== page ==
The Cincinnati Bengals have yet to taste victory in the Zac Taylor era. Needless to say, an 0-5 start (1-8, if you include the preseason) is not how anyone drew up the ushering in the supposedly-exciting new hire.
After the most recent loss, we took to Cincy Jungle’s Facebook page and The Orange and Black Insider Bengals podcast YouTube Channel to discuss the state of affairs for Cincinnati. In fielding questions from our readers/listeners, one thing was clear: Taylor’s play-calling prowess is under immense scrutiny.
On Sunday, there were more than a couple of instances in which things should have been questioned. However, just a small handful of decisions could have had the contest go with a different result.
Early in the first quarter after the Bengals had stopped the Cardinals on their initial drive, Cincinnati marched down the field, courtesy of Joe Mixon’s legs. Cincinnati faced what became a critical go-to-goal situation, in which they settled for a field goal.
The focus was on Auden Tate’s dropped pass for what would have been a touchdown, but there were more strategic gaffes under the surface. For instance, on second-and-goal from the Arizona four-yard line, Cincinnati dialed up yet another run to Mixon, even though their entire defense clogged the front. It netted minus-one yard.
From there, Cincinnati ran the play that called on Tate’s number. Yet, it was a play where the Bengals subbed out their best red zone weapon in Tyler Eifert. Between that poor substitution decision, the team not running a play-action pass on second down and their not going for it on fourth-and-goal (more on that in a minute), it set a dull tone instead of an emphatic one.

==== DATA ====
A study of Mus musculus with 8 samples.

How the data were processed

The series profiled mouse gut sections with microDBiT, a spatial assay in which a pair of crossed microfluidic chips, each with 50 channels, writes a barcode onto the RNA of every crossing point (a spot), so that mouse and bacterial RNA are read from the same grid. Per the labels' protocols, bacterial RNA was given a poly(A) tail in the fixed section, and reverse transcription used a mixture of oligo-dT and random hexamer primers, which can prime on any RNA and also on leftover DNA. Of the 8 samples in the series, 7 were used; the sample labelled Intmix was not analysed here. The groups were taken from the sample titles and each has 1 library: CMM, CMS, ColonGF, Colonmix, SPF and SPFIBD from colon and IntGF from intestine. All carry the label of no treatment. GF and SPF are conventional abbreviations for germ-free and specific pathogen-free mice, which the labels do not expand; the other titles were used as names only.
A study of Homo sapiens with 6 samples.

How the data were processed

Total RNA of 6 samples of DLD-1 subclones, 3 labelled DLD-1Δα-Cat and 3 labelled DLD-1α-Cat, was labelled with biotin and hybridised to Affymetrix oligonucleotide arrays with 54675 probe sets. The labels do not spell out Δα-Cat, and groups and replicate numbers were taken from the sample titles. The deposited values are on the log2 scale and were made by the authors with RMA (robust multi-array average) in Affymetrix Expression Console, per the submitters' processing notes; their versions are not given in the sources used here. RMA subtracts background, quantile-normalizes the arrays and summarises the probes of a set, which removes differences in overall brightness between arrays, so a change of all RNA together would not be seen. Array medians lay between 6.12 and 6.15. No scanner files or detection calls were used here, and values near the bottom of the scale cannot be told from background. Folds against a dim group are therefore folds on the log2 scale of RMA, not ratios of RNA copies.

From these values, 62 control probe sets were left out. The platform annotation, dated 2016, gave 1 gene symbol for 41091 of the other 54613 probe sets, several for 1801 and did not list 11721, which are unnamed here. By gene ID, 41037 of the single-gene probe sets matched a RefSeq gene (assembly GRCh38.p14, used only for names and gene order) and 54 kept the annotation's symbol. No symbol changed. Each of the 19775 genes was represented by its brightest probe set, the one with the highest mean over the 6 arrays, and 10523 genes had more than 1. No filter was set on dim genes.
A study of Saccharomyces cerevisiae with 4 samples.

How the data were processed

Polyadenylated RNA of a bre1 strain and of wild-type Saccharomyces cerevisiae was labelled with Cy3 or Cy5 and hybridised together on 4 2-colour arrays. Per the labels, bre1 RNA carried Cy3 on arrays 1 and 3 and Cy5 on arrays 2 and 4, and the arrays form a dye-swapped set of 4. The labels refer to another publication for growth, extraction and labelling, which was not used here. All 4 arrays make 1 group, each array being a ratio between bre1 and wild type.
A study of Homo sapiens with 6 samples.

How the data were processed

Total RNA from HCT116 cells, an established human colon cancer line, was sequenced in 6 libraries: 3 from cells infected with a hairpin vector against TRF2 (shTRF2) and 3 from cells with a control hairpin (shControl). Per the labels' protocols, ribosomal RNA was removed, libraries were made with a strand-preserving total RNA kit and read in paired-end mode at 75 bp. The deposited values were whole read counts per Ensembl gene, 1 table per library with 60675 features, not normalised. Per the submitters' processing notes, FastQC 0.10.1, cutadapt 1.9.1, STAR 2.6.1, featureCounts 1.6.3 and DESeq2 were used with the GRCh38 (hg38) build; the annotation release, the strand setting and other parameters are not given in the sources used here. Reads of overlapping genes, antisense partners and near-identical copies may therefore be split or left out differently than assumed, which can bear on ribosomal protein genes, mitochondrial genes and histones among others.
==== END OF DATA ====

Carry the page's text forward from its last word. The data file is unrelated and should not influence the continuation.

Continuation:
Later in the third quarter, Taylor decided to finally be aggressive in a much more risky situation. Cincinnati faced a fourth-and-1 from their own 42-yard line and decided to go for it.
Conventional wisdom would say that the play to be called, if you were to actually run one in this tenuous situation, would be a quarterback sneak on a quick snap, or a run to the back who has been the most effective on the ground. Instead, a read option out of the shotgun was the call and the play was stuffed. It led to a Cardinals field goal.
Of course, in any loss, any small set of questionable plays can be placed under the microscope. When a team is 0-5 they’re up for extensive scrutiny.
If you were to look back at Week 1 against the Seahawks, flea-flickers, misdirections, effective substitutions and other “set-up plays” were part and parcel of a near-win. Since, the creativity has been lacking.
Of course, losing A.J. Green and Cordy Glenn (who have both been out since Week 1), John Ross, Alex Erickson and others have hurt the team’s ability to be creative. Still, even with the notable absences, seemingly-simple situations have been overthought to a crippling degree.
Also on tap for discussion after the Week 5 loss:
- Are we really to believe the trade rumors? Will Mike Brown actually part with some star players in an effort to rebuild the roster?
- Is there a tangible plan in place in the future years of the Zac Taylor era? If so, should we be confident in it?
- These close losses come down to a small handful of plays. Many of them not being made could indict the coaching staff, as the errors seem more mental than physical.